Asian chicken salad with green onion-sesame dressing

This is a refreshing, not-too-assertive cabbage and cellophane noodle-based salad. The dressing includes toasted sesame seeds, which you can buy, but it’s better to buy raw sesame seeds and toast them as directed to avoid the rancid flavors that sometimes accompany packaged toasted seeds.


Serves 4


1 tablespoon soy sauce
1 tablespoon unseasoned rice vinegar
1/2 teaspoon sugar
2 teaspoons Asian sesame oil
1/4 cup vegetable oil
1/2 cup raw sesame seeds
2 tablespoons vegetable oil
3 green onions white and light green parts thinly sliced, green tops minced separately
2 quarter-size slices unpeeled fresh ginger minced
2 large garlic cloves minced
1/2 head (about 1 pound) green cabbage shredded
2 bunches (1 3/4 ounces each) cellophane noodles soaked in hot water 15 minutes, drained, and cross- cut twice (like quartering a pizza), see Cook’s Note
1 large carrot peeled, and shredded
1/2 large (about 6 ounces) cucumber peeled, quartered lengthwise, seeded, and thinly sliced
1/2/2012 Roast Chicken with Lemon, Garlic, and Fresh Rosemary skinned, boned, and shredded
Freshly ground pepper to taste
1 cup lightly packed fresh cilantro minced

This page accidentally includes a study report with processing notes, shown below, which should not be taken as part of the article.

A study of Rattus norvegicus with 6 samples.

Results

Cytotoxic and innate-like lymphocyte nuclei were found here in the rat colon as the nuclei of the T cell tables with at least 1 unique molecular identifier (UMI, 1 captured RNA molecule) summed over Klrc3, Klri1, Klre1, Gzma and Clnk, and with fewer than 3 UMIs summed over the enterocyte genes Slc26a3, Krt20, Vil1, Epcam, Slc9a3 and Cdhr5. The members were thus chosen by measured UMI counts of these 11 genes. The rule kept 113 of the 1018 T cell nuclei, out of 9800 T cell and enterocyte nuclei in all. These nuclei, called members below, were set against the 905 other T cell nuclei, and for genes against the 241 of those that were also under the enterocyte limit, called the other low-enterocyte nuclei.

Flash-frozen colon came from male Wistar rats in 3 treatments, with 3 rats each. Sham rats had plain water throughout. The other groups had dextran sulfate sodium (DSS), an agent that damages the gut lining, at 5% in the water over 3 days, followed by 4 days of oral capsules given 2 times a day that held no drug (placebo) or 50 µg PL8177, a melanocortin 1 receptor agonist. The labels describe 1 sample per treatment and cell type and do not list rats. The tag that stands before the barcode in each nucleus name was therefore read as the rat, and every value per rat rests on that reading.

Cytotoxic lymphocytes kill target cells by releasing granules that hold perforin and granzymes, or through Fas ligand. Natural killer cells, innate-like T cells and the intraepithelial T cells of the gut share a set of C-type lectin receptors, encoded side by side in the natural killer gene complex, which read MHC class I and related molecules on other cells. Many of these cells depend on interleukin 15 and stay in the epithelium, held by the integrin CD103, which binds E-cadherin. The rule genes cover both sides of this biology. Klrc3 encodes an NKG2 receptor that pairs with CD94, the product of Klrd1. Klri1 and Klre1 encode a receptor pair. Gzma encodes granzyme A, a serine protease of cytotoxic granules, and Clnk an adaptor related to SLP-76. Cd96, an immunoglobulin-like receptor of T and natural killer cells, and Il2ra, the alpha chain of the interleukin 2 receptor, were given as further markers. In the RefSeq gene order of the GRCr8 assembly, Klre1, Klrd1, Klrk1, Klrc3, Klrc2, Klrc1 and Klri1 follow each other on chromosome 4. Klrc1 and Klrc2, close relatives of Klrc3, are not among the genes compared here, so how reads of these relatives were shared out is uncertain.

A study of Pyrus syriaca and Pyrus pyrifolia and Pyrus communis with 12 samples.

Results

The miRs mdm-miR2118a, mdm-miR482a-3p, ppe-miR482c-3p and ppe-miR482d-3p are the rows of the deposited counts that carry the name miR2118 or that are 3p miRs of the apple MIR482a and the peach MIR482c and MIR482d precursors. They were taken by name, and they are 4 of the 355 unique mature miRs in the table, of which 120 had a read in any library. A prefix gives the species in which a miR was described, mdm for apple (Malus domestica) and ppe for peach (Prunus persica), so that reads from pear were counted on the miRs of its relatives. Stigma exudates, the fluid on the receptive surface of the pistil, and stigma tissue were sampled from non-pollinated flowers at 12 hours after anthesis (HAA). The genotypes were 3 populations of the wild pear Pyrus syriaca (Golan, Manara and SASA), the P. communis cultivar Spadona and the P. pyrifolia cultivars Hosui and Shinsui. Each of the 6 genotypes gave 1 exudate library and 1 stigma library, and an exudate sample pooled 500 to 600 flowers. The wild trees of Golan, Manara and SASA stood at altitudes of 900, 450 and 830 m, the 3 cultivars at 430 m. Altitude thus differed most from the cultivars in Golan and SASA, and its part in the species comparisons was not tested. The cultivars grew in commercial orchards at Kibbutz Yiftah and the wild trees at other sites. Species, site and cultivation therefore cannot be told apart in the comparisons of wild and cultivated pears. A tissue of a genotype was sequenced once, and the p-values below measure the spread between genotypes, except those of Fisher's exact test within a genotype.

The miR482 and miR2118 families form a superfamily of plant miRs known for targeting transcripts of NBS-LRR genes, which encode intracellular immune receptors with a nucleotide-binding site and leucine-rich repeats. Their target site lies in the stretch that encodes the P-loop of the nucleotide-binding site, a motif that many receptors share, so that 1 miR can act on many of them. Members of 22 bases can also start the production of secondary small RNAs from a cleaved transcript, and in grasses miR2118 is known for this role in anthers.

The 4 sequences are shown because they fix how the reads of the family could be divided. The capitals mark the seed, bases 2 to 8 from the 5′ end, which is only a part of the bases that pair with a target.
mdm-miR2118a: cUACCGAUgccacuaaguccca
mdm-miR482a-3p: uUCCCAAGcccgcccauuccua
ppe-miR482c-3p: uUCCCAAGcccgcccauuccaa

To make the dressing: Combine the soy sauce, rice vinegar, sugar, sesame oil, and vegetable oil in a small bowl and whisk together. Put the sesame seeds in a small dry skillet over medium heat. Toast, stirring, until lightly browned but not burned. Scrape the seeds into the dressing.
In a 12-inch skillet or sauté pan over medium heat, heat the oil and sauté the white and light green parts of the green onions, the ginger, and garlic for about 30 seconds. Add the cabbage, tossing and stirring to brighten its color and wilt it slightly, about 2 minutes. Add the cellophane noodles, toss well, and turn out into a large bowl. Add the remaining ingredients. Toss, add the dressing, toss again, and serve.


Cellophane noodles (also known as Chinese vermicelli and bean threads) are thin, opaque noodles sold in dried bundles. When soaked briefly they become translucent. They have little taste of their own, but soak up whatever flavors are around them.